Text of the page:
Theresa May has said her reshuffle makes the government look more like the country it serves with a new generation of ministers brought in. The PM has appointed several new faces to her ministerial team.
The mostly junior ministerial appointments come after Monday's cabinet-level changes. These triggered the resignation of education secretary Justine Greening and were branded a lacklustre PR exercise by Labour.
Of Tuesday's appointments, six men and eight women were new additions to government, including five from ethnic minorities and 11 who were elected in 2015.
Six of the women - all elected in 2015 - have been appointed as junior whips, who will be involved with enforcing party discipline.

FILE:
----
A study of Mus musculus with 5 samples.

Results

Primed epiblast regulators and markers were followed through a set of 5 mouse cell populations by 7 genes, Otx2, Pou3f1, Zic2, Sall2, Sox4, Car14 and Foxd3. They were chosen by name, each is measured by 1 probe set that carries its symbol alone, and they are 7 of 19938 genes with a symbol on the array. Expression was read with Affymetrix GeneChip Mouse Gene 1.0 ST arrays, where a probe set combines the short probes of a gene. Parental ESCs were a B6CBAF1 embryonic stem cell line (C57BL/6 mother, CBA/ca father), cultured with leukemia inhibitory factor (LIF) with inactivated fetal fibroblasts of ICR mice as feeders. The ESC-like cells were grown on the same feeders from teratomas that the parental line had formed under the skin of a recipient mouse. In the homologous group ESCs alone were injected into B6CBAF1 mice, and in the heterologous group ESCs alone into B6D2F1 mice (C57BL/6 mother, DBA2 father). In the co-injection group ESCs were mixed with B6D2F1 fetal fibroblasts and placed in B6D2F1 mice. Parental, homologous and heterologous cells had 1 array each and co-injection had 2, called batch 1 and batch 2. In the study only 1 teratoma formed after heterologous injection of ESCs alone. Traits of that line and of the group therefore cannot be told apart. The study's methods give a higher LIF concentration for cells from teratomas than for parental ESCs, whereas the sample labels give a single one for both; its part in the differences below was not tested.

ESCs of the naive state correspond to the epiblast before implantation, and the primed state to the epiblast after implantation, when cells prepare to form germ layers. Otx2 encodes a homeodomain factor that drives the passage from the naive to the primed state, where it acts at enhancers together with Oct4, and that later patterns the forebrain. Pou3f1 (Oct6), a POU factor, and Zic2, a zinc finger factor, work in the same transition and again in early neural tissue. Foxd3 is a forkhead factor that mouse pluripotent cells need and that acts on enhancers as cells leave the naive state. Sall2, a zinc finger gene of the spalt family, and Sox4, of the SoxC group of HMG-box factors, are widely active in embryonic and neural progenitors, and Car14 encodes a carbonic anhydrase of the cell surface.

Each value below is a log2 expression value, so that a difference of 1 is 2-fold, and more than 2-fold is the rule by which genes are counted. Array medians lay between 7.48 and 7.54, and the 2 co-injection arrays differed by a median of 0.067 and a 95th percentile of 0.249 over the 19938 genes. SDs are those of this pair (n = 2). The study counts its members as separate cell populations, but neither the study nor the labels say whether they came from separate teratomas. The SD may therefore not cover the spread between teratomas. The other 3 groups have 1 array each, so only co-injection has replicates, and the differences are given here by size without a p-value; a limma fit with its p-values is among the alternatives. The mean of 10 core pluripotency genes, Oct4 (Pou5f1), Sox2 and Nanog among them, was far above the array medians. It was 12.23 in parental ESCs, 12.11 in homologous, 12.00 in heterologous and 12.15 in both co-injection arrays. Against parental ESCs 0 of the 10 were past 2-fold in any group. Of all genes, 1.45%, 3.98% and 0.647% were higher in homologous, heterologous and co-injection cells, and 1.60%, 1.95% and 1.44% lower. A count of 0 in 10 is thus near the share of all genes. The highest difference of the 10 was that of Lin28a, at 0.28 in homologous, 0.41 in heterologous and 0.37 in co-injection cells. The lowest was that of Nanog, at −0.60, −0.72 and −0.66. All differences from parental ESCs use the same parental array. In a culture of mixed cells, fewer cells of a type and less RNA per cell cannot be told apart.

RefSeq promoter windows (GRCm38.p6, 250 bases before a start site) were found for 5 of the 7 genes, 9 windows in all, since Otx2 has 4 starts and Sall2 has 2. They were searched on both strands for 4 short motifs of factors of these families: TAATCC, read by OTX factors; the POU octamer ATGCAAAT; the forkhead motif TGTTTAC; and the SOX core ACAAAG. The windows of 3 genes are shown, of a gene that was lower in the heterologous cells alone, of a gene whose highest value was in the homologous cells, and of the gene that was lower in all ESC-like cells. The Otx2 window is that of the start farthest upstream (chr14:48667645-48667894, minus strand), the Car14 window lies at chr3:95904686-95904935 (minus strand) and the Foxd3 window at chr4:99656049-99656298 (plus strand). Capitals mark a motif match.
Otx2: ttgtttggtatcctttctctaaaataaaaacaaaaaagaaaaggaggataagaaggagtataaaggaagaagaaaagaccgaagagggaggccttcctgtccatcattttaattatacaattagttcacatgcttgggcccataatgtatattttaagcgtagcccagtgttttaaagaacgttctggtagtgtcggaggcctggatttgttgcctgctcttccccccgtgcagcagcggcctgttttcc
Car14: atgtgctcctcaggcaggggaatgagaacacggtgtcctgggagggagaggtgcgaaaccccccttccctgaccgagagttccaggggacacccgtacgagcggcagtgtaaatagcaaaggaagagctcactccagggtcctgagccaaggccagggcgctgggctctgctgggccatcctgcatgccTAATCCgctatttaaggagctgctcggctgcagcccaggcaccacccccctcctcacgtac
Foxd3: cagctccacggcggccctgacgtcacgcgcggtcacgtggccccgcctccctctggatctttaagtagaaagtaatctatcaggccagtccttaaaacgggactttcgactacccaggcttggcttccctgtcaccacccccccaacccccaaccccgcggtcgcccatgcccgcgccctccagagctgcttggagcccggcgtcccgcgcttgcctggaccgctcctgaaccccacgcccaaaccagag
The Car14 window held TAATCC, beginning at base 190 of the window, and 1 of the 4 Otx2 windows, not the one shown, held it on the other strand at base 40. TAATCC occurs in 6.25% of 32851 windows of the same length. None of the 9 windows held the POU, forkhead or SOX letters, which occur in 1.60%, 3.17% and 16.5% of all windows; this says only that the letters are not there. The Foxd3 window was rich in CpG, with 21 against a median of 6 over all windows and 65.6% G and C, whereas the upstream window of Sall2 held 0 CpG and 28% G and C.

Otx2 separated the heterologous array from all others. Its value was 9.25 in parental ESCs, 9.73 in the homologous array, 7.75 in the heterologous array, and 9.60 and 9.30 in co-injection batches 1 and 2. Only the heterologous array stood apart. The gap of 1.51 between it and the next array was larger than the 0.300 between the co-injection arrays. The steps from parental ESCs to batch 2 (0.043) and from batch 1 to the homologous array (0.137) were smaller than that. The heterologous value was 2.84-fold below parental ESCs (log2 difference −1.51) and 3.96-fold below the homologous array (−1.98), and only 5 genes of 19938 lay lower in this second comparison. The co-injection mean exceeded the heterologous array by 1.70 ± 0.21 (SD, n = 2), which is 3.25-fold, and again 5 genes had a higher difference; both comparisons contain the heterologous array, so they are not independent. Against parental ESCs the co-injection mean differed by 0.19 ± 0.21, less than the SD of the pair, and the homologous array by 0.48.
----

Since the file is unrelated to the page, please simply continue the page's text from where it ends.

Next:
Downing Street said that following the reshuffle there were more women attending cabinet, more female ministers and more members of the government from ethnic minorities. The number of women who are full cabinet members has remained the same as before at six.
But the number of other senior female ministers also attending cabinet has risen from two to four, taking the total number of women around the table to 10.
Mrs May said it would allow a new generation of gifted ministers to step up and make life better for people across the whole UK.
The latest changes include Jo Johnson being moved from his universities role to transport, and Suella Fernandes becoming a minister in the Department for Exiting the EU.
Mr Johnson had been in the firing line over the appointment of columnist Toby Young to the board of the government's universities regulator. The brother of former London mayor Boris Johnson, he will also be the minister for London in his new role.